In Georgia,People prepare for Easter by dying eggs red on Good Friday and by baking Easter Bread, called Paska. The eggs symbolize the blood of Christ. They are placed on green wheat grass, which symbolizes new life, resurrection, and eternity. People grow this wheat grass  on flat plates two weeks before Easter. On the Saturday evening before Easter, people take the eggs and Easter breads to church for a blessing. After the service, people take the bread and eggs home and crack the eggs during the next days. The person who ends up with the last unbroken egg is believed to have a year of good luck.

See what people eat on Easter in other countries

Mexican families traditionally often spend Good Friday eating capirotada, a sweet bread pudding covered in sugary syrup, various fruits, berries, and nuts, and a layer of cheese.

Hot cross buns, the English bread made famous by a nursery rhyme, is an Easter tradition. They are baked with currants or raisins and have a signature cross on the top, usually made with frosting.

Advocaat is a long-standing tradition in the Netherlands and is often drank on Easter. It is a creamy Brandy-based alcohol, thickened with eggs and sugar and flavored with honey and vanilla. It is drank by itself or added to puddings, as it is below.

Koulourakia are small butter pastries and are a traditional treat in Greece. The dessert, which has a hint of vanilla and is said to be meant to resemble a snake, is eaten on Holy Saturday.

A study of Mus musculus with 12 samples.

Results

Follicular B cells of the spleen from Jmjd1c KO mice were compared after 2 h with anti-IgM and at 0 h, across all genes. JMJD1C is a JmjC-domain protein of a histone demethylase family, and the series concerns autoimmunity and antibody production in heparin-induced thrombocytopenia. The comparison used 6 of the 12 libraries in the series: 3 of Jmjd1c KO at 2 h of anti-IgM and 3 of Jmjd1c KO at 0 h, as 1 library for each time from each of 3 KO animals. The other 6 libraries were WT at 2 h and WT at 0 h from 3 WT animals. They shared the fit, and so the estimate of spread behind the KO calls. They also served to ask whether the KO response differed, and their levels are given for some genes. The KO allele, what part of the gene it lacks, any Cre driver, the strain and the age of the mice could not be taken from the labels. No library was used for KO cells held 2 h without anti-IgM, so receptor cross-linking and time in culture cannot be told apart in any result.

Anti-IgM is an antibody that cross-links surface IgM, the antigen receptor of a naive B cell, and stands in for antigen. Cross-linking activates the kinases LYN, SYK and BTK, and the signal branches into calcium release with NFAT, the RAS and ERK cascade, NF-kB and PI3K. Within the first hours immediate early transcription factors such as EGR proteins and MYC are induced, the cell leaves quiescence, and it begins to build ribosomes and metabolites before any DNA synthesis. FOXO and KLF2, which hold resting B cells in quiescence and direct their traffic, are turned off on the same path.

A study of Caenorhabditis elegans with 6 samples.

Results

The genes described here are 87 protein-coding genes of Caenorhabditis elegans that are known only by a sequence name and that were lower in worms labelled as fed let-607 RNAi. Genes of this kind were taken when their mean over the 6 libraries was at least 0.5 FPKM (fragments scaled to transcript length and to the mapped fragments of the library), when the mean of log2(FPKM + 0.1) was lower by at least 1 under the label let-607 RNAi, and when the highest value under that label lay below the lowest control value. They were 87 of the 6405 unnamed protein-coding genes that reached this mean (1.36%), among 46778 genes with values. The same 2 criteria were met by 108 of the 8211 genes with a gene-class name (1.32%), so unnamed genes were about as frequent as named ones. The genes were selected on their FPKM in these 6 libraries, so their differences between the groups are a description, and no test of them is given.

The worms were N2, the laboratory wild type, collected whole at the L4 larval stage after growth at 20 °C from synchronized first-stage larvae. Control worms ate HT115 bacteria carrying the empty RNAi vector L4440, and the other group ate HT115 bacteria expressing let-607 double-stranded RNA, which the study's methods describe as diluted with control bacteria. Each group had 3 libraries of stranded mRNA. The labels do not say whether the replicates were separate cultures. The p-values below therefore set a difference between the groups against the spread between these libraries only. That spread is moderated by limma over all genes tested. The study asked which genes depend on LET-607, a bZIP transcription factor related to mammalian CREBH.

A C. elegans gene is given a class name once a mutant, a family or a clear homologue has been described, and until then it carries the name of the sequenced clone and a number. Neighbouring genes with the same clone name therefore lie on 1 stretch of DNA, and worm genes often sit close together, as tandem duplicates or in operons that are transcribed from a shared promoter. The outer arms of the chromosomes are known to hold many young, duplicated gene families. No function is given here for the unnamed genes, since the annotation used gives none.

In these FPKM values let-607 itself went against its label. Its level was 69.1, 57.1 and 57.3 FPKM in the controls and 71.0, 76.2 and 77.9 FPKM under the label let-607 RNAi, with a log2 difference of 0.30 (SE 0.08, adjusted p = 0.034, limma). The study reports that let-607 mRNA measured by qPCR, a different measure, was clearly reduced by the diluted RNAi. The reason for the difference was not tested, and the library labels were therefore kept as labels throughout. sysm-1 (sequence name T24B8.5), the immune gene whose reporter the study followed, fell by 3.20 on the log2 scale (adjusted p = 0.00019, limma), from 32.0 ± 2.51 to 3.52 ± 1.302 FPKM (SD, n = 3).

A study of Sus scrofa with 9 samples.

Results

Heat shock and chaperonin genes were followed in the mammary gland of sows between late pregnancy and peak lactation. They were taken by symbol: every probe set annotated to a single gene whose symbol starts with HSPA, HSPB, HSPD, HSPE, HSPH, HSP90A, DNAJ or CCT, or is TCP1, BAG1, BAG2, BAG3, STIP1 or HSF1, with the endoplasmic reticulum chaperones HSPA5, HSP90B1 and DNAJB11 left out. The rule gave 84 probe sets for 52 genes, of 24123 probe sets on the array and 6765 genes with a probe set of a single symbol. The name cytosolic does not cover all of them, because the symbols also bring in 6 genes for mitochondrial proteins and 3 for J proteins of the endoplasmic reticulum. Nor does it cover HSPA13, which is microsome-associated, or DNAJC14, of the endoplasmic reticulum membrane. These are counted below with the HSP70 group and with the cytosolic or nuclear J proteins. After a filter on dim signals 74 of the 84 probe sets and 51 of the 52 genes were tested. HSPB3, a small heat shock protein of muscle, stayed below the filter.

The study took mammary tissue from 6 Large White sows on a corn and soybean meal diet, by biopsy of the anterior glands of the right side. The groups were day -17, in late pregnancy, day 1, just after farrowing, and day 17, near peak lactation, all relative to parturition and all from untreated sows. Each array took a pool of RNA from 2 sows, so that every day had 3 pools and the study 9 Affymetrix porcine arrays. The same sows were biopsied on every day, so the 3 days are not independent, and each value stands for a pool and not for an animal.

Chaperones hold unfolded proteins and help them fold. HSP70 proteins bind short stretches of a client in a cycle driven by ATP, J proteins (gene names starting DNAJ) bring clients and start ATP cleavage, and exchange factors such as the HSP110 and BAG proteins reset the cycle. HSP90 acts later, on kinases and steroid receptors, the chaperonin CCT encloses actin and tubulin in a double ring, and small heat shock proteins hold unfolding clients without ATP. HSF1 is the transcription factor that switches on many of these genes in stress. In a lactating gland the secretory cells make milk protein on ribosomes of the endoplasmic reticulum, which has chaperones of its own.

Also a favorite in Greece as well as countries in Western and Central Asia, tsoureki is a braided brioche-like sweet bread that traditionally comes with eggs dyed red to signify the blood of Christ. The treat is served not only on Easter, but also on Christmas and New Year’s.

In Eastern European countries like Serbia, Belarus, Ukraine and in parts of Russia, Orthodox Christians dine on kulich, a tall cylindrical cake topped with white frosting. During Easter services, the kulich is often decorated with flowers and blessed by a priest.
Easter in Finland is often marked by eating mämmi, a soft and chilled bread flavored with molasses and orange zest and served with a dousing of milk or cream. Mämmi is a long-standing tradition in the area and is included in many other Easter dishes as well.

Torta pascualina is a savory pie made with spinach, ricotta, and whole eggs that cook as the pie is baked. This traditional Easter dish is a favorite of both Argentine and Uruguayan families.

In the United States, the go-to meal on Easter Sunday is the classic Easter ham, often served with pineapples and cherries.

The butter lamb, arguably the cutest of all the Easter meal traditions, is a common centerpiece on the Easter tables of Russian, Slovenian, Polish Catholics. True to its name, the dish is a sculpture of a tiny lamb made out of butter, often with peppercorns for eyes and a red bow around its neck.